Where A/B Testing Falls Short


A/B testing is easy—create two versions of your Web page that differ in only one characteristic.
A/B testing is easy—create two versions of your Web page that differ in only one characteristic.

It may (or may not) have been Mark Twain who said, “Everybody talks about the weather, but nobody does anything about it.” Today in the marketing world it's testing that's so talked about. But despite all the admonitions about the necessity of testing, too many companies aren't doing anything about it, and for good reasons.

We've been told why we should test: It's the best way to optimize a website for leads or traffic or engagement and it's the best way to boost email response rates. This compelling rationale crashes headfirst into a universally recommended methodology, A/B testing, and the victim of the collision is the testing program.

A/B testing (or ‘split-run' or ‘one factor at a time') is simple to describe and easy to do. You create two versions of your Web page or email that differ in only one characteristic; for example, the offer price or headline or background color. Some customers (the ‘target' group) get version A, while other customers (the ‘control' group) get its counterpart version B. Then you compare results and use the version that works best.

The underlying assumption is that differences in results are attributable to differences in the one factor you changed. While that may be true, it ignores the possibility that other values for your one factor may be even better, or that other factors may be more impactful. To discover the best value for your one factor, or to measure the effects of other factors, could require many A/B tests. Multiple A/B tests consume time and money to figure out whether it's the size of the offer, the color of the background, the subject line, or even the day of the week your message is received that's depressing response.

If your company is operating a high-volume website with many visitors, and if you're willing to use a good fraction of those visitors for the control group, and if there aren't too many variables you want to test, and if you're not in too big a hurry, then A/B testing could work for you.

However, every day that your website isn't optimized or your email campaign isn't delivering the sales you need is costing you money. You could be facing the same dilemma that John Lawes was facing back in Victorian England.

Sir John and his colleagues were in the midst of developing artificial manure and inventing the chemical fertilizer industry. He needed to know how much of his new, artificial manure should be applied, and to which crops? When in the growing cycle? How much phosphate to use? How much sulfuric acid? In what proportions?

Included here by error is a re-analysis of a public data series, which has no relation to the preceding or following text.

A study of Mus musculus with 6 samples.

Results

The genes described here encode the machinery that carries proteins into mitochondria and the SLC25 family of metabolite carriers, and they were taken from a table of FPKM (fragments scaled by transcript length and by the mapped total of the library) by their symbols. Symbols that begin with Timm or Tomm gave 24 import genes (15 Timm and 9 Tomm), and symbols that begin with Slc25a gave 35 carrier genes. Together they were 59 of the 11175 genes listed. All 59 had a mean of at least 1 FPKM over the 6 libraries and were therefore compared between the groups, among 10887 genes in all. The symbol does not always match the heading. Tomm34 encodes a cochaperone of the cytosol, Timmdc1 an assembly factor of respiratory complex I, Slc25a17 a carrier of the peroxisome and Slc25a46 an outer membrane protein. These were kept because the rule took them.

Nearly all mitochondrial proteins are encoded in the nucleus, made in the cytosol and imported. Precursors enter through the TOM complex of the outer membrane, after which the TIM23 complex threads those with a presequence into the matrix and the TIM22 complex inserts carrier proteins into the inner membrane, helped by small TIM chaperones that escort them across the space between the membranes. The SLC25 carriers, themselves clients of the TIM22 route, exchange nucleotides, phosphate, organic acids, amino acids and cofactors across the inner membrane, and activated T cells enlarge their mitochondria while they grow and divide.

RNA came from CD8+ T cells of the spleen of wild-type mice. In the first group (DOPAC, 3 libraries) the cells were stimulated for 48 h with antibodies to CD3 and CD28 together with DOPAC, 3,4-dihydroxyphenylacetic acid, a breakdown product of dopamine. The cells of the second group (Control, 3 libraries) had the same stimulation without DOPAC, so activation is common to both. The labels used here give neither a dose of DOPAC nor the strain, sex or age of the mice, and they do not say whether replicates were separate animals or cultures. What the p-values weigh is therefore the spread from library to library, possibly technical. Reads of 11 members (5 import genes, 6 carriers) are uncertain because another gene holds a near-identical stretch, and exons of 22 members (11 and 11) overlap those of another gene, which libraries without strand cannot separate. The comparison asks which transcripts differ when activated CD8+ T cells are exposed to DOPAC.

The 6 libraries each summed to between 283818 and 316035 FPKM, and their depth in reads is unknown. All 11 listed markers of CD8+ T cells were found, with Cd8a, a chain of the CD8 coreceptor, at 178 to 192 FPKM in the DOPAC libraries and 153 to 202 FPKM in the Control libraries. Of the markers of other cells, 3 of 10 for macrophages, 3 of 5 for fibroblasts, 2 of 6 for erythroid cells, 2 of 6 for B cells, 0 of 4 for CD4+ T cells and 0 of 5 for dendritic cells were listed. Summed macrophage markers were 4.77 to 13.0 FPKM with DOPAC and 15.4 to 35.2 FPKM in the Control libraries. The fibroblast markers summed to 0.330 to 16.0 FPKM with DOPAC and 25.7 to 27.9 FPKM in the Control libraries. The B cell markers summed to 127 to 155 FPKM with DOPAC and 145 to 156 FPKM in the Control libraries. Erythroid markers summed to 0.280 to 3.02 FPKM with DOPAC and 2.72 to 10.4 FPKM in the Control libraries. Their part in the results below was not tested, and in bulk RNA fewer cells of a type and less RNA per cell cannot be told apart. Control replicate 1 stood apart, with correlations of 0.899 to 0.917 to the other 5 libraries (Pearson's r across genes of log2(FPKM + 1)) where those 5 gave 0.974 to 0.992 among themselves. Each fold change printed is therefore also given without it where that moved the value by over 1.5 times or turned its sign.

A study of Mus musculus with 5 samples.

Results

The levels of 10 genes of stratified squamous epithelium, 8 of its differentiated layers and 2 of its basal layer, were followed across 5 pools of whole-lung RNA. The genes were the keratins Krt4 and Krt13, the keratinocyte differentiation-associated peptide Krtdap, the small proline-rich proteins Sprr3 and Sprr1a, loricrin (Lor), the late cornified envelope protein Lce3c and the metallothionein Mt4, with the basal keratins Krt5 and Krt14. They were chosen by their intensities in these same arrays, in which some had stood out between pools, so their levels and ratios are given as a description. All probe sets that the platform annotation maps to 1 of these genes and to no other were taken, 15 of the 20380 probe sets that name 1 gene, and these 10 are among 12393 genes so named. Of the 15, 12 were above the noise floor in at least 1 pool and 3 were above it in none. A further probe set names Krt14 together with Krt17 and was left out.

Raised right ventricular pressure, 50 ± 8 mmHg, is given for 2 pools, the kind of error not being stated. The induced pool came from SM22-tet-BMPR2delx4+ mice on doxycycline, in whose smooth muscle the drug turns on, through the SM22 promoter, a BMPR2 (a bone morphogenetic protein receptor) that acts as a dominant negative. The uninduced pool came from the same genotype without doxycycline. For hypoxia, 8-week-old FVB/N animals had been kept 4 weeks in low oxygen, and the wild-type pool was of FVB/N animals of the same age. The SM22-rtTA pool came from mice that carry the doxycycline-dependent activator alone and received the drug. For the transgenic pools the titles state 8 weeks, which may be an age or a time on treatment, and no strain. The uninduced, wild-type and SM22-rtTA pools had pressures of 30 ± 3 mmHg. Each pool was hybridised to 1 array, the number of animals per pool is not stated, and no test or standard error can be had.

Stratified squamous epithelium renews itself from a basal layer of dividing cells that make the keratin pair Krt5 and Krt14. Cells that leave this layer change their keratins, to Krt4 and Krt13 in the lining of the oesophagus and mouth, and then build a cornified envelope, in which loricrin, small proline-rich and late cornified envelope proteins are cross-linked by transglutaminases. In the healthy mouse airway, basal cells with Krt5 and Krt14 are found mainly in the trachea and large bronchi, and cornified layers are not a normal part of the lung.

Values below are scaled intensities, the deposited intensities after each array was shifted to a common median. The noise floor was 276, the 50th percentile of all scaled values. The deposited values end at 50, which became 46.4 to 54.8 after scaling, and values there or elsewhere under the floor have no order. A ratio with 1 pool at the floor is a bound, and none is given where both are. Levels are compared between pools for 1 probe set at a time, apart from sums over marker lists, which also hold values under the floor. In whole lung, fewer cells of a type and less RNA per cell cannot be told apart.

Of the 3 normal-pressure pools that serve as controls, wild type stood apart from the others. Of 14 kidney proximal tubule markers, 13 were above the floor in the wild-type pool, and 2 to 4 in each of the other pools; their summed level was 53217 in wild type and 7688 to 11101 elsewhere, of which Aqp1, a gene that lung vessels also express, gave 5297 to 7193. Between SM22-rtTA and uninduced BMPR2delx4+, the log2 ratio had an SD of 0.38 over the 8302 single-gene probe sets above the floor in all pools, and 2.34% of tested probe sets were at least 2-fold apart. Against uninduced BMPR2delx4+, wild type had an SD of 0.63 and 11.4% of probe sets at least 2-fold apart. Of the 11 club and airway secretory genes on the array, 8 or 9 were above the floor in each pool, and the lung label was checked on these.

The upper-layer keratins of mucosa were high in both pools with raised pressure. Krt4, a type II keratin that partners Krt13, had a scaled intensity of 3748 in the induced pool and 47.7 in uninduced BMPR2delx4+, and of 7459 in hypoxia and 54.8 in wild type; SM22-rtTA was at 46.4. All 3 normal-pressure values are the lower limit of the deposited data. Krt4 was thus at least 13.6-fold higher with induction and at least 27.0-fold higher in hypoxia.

Remember, this was farming, not email. The test results wouldn't be known until the end of the growing season, not the next day. And the next growing season was a year away. Sir John realized that he needed to test several variables simultaneously, and thus multivariate testing was born.

The formulas to sort out the effects of multiple variables being tested simultaneously are complex, so this methodology languished for decades. As computer use spread and the pace of marketing quickened, more companies turned to multivariate testing to get the answers they needed while the answers were still relevant. Despite the many low-cost or free programs to help companies do A/B testing, the fastest and least expensive way to evaluate your website or email campaign performance is multivariate, not A/B, testing.

Yes, multivariate is more complex. You need to know not only which variable makes your site or email most effective, but you should also know the relative weights of the several variables you're testing. Is it the offer? The amount of text? The background color? Is it your face in the upper corner of the blog that's turning off prospects? And if it's bad, how bad is it?

Another benefit of multivariate testing is its capability to measure the interaction between variables. How is the impact of a headline affected by the size of the accompanying photograph? Does a smaller headline work better with a bigger photo? Whether or not to even use a photo could affect the choice of font size for a headline.

Not being a math geek is no longer a good reason to avoid multivariate testing. Many marketing service firms will do the calculation for you. They'll even design the tests and interpret the results. Because multiple factors are tested together, fewer subjects are needed. Cost is down and time to market is compressed.

If you're still unconvinced about the value of using multivariate over A/B, here's the slick and obvious strategy: test it for yourself.


Mark Klein is founder and CEO of Loyalty Builders Inc.